Brand Failures, The Truth About the 100 Biggest Branding Mistakes of all Time
Published by Kogan Page Limited, 2011
ISBN 978 0 7494 6299 4
SMALL-TO-MEDIUM enterprises have become a major component of the country’s economy.
The Indigenisation, Economic and Empowerment programme has resulted in creation of businesses by black people in various arenas many which were once a preserve of white people.
But today indigenes are offering products and services that are competing on the continent and international platforms.
Using various platforms including the social media, these innovative businesspersons are pushing their brands.
However, failure of a product or brand on the market is always disappointing and has in some instances seen people opt out of business.
Highlighted in the book under review this week Brand Failures, The Truth About the 100 Biggest Branding Mistakes of all Time by Matt Haig is the importance of branding in business.
“A brand – any brand – is always more likely to fail than succeed. And, just for the record, this is usually the fault of the brand, not the product itself. If nothing was branded, every product within a category would stand stand an equal chance of success: hamburgers would just be hamburgers, running shoes would just be running shoes, dark cola-flavoured carbonated water would just be dark cola-carbonated water. So the difference between success and failure rests not with the product, but with the brand,” says Haig whose other titles include Brand Failures, Brand Success, Brand Royalty, E-PR: The Essential Guide to Public Relations on the Internet; Mobile Marketing: the Message Revolution; and The E-marketing Handbook.
Perception is described as everything in business and is rooted in branding.
“Brands have also transformed the process of marketing into one of perception-building,” writes Haig.
“That is to say, image is now everything.
“Consumers make buying decisions based around the perception of the brand rather than the reality of the product.
“While this means brands can become more valuable than their physical assets, it also means they can lose this value overnight.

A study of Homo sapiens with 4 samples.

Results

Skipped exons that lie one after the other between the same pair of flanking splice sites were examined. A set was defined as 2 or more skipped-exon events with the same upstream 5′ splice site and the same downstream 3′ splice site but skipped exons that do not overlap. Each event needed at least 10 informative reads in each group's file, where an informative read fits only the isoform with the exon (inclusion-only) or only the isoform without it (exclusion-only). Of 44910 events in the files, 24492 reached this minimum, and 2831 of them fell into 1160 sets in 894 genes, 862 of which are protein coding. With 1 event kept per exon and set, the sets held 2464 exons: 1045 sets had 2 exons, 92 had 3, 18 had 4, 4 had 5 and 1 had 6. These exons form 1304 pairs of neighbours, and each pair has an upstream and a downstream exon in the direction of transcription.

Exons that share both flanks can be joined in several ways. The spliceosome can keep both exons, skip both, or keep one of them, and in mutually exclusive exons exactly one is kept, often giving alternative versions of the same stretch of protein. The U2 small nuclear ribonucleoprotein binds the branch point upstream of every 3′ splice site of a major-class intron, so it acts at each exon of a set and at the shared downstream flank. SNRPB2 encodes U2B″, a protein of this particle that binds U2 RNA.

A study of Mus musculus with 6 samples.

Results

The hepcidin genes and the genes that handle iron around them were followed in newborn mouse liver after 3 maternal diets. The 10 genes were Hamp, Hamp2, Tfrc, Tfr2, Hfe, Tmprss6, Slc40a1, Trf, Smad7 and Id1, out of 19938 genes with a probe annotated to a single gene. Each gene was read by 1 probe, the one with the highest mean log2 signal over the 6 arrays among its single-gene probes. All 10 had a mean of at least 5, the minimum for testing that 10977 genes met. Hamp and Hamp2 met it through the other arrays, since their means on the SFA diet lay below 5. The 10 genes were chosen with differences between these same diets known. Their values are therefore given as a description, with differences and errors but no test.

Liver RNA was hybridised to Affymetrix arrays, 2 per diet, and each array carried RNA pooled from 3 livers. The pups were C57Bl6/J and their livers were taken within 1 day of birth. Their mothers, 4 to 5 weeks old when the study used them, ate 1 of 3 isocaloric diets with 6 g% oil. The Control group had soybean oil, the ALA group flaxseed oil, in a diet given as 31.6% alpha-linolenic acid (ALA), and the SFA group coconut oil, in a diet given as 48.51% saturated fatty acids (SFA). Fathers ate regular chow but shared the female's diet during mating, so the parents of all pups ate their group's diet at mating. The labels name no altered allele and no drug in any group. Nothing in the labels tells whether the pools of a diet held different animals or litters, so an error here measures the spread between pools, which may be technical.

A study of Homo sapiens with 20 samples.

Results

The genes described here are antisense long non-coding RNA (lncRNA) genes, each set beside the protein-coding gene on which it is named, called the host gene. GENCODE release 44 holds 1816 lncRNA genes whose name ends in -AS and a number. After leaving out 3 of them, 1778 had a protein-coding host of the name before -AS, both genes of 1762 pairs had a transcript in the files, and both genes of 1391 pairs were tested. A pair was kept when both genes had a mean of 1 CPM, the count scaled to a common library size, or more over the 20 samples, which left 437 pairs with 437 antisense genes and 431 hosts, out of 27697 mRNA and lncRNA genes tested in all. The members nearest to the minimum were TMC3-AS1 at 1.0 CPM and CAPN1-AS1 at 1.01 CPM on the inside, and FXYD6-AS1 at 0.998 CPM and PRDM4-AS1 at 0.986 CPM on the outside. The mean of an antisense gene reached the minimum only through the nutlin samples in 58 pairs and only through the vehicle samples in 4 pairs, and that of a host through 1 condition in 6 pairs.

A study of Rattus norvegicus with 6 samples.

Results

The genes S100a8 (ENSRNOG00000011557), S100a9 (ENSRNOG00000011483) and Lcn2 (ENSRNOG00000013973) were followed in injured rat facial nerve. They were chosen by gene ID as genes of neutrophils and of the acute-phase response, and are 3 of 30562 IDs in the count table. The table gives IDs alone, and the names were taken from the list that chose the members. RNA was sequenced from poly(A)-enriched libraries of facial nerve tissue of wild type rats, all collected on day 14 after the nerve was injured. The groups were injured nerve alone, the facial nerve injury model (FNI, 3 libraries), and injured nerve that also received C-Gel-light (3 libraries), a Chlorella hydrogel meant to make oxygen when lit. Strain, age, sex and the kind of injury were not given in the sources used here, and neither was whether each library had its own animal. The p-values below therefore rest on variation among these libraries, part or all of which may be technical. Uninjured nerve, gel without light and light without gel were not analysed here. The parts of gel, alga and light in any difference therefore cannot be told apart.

After all, perception is a fragile thing.”
The book looks at famous branding mistakes and errors, from the classic ‘New Coke’ by Coca-Cola, to the failure of ‘Betamax’ as well as Kodak’s efforts to remain relevant in a world where consumers have turned away from film to digital cameras.
The author describes brands that have launched with the help of multi-million-dollar advertising campaigns, only to fail and disappear from the market.
And these mistakes in branding have been made by successful blue-chip companies to small-to-medium businesses.
And why is branding important?
According to the author: “Branding is no longer simply a way of averting failure.
It is everything.
Companies live or die on the strength of their brand – branding ‘pre-sells’ the product or service to the user. Branding is simply a more efficient way to sell things.”
The book is relevant to every executive and public relations, as well as marketing personnel interested is taking their products to the next level.
Products, according to Haig, are no-longer responsible for the fate of the company.
“When a company noticed that its sales were flagging, it would come to one conclusion: Its product was starting to fail,” notes Haig.
“Now things have changed.
“Companies don’t blame the product; they blame the brand.
“It isn’t the physical item sitting on the shop shelf at fault, but rather what that item represents, what it conjures up in the buyer’s mind.”
In branding, what is most important is the company’s name and visual appearance.
“Your name matters,” writes Haig.
“At the most basic level, your brand is your name.
“It doesn’t matter how important the brand name is to the company, it’s what it means to the public that counts.
“Visual appearance is a key factor in creating a brand identity for most products.
“It was the distinctive shape of the Coca-Cola bottles which helped the brand become so big.”
This book is a great read for anyone involved with branding, logos and identity.
Indeed, it provides reminders for things that are often overlooked, as well as offering good examples that will help us remember these rules.